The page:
Dream job: ‘My 9-to-5 is a US road trip’
Many people dream of taking control of their working life. Leo Millward has done just that, by turning it into an American odyssey.
"I'm extremely fortunate to be born at a time when technology has lent itself to having this particular working lifestyle," says Millward, 60. "I love it, I can't wait to get back to the USA this December."
Millward is an independent financial adviser from Lichfield in England's West Midlands.
But for the past 10 years he has travelled around the US, for up to six months at a time, in his customised, 42-foot Recreational Vehicle (RV), and this has been his office.
"I've really tried to replicate my office in Lichfield," says Millward.
"It's got a high-spec PC, four 32-inch monitors and a VoIP (Voice over Internet Protocol) system to route calls from clients. It looks like a Nasa control room."
He can talk to clients through video calls and many don't realise where he is, he says.
"I work every day as if I was in the UK, but I'm in Florida, or Arkansas, or wherever I happen to be."
People who are in the know are perplexed about why he spends so much time in the US.
"To me it's like 50 different countries in one," explains Millward. "Each state is different."
The weather dictates his movements. "November to March the only places to be are Texas, California and Florida," he says.
Between trips he leaves the RV at campsites and his truck at a Ford dealership.
Millward left a large financial company to set up his own business in 1995, in a bid to find more personal freedom and take control of his working hours.
He immediately started to travel more for pleasure, but struggled to catch up on the backlog of work on his return. Then in the late 2000s he realised that the technology was good enough for him to take his work on the road.
He fell in love with RVs during a series of holidays to the US with a girlfriend, then bought his first vehicle at the Tampa RV Supershow in 2009.
Working from a trailer is not without its perils though.
He recalls one time at a campsite in Sparta, north Carolina, when he was all set up to have a meeting with a client in Solihull.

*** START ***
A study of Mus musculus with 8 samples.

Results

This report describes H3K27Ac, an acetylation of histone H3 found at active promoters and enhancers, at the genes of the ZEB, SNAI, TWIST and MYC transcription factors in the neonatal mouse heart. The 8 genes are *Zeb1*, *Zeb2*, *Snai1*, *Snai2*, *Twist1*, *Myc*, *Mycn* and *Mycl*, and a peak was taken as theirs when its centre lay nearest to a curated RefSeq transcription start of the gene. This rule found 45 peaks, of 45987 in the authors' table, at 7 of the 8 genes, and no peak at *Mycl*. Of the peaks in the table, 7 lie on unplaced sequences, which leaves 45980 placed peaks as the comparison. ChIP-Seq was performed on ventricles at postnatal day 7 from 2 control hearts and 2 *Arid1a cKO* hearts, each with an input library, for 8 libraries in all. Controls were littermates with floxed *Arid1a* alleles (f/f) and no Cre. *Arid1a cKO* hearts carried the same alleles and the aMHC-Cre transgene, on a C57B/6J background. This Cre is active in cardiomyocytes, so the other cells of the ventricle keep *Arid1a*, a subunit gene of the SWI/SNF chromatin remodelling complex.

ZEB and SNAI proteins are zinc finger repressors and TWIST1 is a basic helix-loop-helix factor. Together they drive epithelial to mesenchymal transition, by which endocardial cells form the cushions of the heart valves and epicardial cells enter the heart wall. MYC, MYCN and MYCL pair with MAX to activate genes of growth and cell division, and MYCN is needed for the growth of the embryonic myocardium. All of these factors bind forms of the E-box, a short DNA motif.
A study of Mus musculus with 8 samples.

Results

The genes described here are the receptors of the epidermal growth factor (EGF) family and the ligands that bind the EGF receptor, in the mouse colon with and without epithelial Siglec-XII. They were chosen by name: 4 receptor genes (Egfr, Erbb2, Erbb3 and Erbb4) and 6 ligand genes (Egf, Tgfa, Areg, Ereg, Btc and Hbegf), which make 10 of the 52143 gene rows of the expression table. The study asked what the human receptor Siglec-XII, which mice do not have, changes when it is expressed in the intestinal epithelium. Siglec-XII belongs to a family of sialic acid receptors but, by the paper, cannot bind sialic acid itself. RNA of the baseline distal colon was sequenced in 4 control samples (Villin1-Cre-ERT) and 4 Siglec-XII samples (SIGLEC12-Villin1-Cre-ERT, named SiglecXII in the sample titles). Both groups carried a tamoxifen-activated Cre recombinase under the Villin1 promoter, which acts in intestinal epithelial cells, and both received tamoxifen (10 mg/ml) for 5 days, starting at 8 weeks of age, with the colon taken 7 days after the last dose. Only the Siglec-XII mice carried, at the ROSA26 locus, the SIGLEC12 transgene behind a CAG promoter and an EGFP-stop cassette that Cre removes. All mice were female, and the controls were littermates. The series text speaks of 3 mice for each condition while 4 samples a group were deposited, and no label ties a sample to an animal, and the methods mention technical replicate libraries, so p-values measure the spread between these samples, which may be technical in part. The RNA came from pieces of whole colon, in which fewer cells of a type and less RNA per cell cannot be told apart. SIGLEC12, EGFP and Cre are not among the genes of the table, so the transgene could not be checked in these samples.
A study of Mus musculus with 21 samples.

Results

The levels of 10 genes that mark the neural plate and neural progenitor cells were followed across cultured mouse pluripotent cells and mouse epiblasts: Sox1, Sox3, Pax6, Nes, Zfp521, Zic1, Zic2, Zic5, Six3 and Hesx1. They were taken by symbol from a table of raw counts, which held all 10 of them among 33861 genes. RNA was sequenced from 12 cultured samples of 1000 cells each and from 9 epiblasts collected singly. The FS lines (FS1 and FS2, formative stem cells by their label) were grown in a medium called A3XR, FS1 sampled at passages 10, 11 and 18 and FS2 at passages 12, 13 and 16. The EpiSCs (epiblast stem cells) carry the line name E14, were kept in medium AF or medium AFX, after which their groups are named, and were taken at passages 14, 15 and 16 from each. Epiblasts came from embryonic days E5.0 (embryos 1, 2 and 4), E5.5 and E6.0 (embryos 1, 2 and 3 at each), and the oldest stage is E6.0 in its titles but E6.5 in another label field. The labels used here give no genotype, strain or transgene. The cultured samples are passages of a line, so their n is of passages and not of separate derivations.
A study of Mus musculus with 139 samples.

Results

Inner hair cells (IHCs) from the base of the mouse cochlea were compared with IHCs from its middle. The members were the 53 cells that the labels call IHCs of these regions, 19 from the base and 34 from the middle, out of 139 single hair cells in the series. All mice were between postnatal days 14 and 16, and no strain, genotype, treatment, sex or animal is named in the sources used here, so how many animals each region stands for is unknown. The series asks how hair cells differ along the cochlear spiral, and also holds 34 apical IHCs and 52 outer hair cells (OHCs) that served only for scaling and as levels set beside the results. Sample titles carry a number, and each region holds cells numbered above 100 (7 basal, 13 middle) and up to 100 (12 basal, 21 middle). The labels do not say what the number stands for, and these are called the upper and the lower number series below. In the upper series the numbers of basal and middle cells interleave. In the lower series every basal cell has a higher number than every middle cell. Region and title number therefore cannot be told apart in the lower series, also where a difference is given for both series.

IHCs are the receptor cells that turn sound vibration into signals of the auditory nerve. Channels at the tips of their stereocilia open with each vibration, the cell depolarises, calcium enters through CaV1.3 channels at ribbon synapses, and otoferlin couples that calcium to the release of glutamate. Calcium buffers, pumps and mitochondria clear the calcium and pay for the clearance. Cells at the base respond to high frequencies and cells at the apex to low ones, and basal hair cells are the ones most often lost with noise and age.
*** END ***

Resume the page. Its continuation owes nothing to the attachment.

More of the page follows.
"Everything was going swimmingly, then suddenly all went black. The client and the girls in the office had no idea what was going on."
A tornado had ripped through the campground, taking out the electricity and wi-fi.
"So I jumped into my truck and drove to the closest town," he says, went to a hotel chain where he's a privileged member and used its conference facilities. "We rescued it."
The long hours of driving are part of the appeal.
Americans operate with a different sense of scale, he says. "They wouldn't think twice about travelling 50 miles for a good steak, and I'm the same."
Millward celebrated his 60th birthday this summer.
He admits his remarkable working life is made easier by his personal circumstances.
As a bachelor, his arrangement doesn't have to accommodate the work commitments of a wife or partner.
Raising children while living the RV dream would also be difficult, he admits.
"I'm not a children sort of person, though I get on incredibly well with kids.
"My motto would be: cats not kids. I used to have eight cats in the UK, in my farm, which is why I call the house 'the cat's whiskers', it's more like a zoo."
So what inspired him to make his American dream a working reality?
Since he remains a UK citizen and resident, he says, there are no tax benefits.
It's all about a life lesson he's learned.
Throughout his career Millward has specialised in giving financial advice to people in the closing chapters of their lives, helping with wills, inheritance tax and long-term care fees.
"I have for very many years encouraged clients to do things like travel whilst they are young and fit enough to do it.
"I would say to them: Do the things you've often wished to do before it becomes an 'if only I had…'"
And he used to love to listen to the travel tales his clients had collected during their lifetimes.
As he drives across the United States, he sees himself as setting an example to his clients, following his own advice.